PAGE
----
Today, it is not enough just to produce well, a special attention must also be given to the reuse of second-life materials. In fact, recycled plays a crucial role in the production of new objects today, going hand in hand with the goals set by the European Union on the circular economy objectives.

When talking about recycled materials, a distinction must be made between post-consumer and post-industrial materials. The first are plastic elements used and consumed by humans such as, for example, plastic bottles, tetrapak or food trays. The second ones, instead, are the residual and discarded materials from the first production of a plastic item in companies. Both elements can be reused within the production of new plastic objects, generating more value in the process and relying on a system of circularity of waste materials re-introduced into the production process. Recycled materials thus have an important sustainable value, providing an important element of circular economy, granting an important cut in CO2 emissions.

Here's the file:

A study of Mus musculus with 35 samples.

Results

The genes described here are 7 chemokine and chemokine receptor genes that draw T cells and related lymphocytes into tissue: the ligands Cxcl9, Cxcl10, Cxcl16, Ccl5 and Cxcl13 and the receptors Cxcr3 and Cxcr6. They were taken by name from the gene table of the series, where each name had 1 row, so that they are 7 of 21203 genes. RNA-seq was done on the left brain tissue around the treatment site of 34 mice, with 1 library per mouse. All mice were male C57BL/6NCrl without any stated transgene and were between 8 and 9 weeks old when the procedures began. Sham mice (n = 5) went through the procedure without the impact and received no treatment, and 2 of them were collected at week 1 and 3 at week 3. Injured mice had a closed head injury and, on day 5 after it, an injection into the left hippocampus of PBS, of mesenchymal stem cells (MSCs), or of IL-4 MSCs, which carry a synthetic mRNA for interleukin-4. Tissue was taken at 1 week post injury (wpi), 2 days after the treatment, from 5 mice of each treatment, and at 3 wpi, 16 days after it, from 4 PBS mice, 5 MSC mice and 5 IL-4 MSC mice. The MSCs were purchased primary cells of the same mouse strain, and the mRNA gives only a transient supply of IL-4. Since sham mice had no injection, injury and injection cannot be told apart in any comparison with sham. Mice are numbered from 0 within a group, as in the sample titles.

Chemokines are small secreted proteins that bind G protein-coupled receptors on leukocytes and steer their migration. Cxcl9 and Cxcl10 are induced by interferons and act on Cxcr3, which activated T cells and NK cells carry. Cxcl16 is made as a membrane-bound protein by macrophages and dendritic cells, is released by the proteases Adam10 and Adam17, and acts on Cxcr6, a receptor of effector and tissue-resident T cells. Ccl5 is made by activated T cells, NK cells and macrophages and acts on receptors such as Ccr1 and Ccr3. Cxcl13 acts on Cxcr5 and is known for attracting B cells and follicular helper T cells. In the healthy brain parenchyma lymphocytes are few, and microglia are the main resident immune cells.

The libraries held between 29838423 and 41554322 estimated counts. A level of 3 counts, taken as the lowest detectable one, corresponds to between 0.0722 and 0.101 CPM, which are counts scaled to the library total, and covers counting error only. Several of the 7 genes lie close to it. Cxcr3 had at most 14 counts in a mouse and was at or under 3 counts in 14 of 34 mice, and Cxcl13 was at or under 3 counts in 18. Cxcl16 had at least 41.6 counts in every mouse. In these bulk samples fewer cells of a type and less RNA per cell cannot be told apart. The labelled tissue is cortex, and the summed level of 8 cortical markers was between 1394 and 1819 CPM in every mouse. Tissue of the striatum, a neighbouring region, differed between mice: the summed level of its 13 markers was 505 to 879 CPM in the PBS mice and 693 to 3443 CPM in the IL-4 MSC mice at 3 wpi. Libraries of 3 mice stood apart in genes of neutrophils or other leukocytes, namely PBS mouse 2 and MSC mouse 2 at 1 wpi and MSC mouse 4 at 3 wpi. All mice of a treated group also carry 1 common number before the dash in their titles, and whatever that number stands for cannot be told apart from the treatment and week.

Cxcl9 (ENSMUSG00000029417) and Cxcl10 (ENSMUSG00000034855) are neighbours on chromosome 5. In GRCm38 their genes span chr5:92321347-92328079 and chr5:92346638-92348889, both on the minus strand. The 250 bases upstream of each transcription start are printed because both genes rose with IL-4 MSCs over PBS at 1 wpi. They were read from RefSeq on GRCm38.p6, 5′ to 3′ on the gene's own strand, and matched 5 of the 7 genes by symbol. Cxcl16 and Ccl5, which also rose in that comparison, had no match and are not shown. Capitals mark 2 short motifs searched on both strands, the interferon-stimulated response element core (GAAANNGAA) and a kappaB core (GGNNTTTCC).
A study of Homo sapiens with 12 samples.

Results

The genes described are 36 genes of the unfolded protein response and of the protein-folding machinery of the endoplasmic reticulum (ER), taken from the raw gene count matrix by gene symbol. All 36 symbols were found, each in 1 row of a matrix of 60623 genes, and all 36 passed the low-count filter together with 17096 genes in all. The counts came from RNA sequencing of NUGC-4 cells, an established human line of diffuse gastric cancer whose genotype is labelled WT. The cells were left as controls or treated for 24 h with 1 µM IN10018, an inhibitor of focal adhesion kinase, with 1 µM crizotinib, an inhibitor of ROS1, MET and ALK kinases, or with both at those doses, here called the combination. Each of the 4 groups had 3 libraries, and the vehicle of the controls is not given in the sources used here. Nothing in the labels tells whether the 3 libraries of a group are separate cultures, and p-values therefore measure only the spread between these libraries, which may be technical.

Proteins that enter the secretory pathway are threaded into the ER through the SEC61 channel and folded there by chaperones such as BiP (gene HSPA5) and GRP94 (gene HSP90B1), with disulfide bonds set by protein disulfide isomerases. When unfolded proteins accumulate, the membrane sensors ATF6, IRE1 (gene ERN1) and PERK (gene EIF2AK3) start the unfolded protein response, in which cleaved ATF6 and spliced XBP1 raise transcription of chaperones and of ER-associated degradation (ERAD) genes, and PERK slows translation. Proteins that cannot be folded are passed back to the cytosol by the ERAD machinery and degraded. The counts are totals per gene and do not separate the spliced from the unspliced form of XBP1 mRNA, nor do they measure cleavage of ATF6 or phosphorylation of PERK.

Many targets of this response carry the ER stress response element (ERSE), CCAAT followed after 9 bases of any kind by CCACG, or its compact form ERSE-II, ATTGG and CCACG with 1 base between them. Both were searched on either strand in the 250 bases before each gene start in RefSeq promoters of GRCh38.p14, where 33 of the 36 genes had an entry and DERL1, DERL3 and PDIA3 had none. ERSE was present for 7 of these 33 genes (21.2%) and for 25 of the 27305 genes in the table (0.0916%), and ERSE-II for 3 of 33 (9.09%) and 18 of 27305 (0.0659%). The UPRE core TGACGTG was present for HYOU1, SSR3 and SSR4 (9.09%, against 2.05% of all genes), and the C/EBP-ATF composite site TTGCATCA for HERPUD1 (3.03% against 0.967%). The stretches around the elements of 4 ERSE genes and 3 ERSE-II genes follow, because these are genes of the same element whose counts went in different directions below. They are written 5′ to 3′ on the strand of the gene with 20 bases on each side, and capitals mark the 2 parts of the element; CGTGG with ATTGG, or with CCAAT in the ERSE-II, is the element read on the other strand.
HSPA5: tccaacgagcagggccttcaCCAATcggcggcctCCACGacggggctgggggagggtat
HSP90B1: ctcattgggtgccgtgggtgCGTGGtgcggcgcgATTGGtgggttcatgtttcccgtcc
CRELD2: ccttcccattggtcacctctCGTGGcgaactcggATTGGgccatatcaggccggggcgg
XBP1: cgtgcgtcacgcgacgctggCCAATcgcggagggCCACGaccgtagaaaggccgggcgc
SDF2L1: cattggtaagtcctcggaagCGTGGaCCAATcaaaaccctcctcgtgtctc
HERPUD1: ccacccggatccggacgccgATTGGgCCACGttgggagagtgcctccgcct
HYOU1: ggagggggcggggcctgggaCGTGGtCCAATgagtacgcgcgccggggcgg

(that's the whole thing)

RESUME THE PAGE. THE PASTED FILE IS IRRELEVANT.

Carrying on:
The great difficulty in recycling for plastics lies in the separation of the different types of plastics, in fact, for proper reuse of the material it is necessary to have only one plastic element such as, for example, PP or PET. A combination of different types of plastics would then make the item unrecyclable.

Post-consumer materials being diverted from incineration have a higher green value, but also a higher difficulty of use and availability. Nevertheless, post-industrial materials, which are easier to use, also play an equally important role by making a drastic cut in emissions.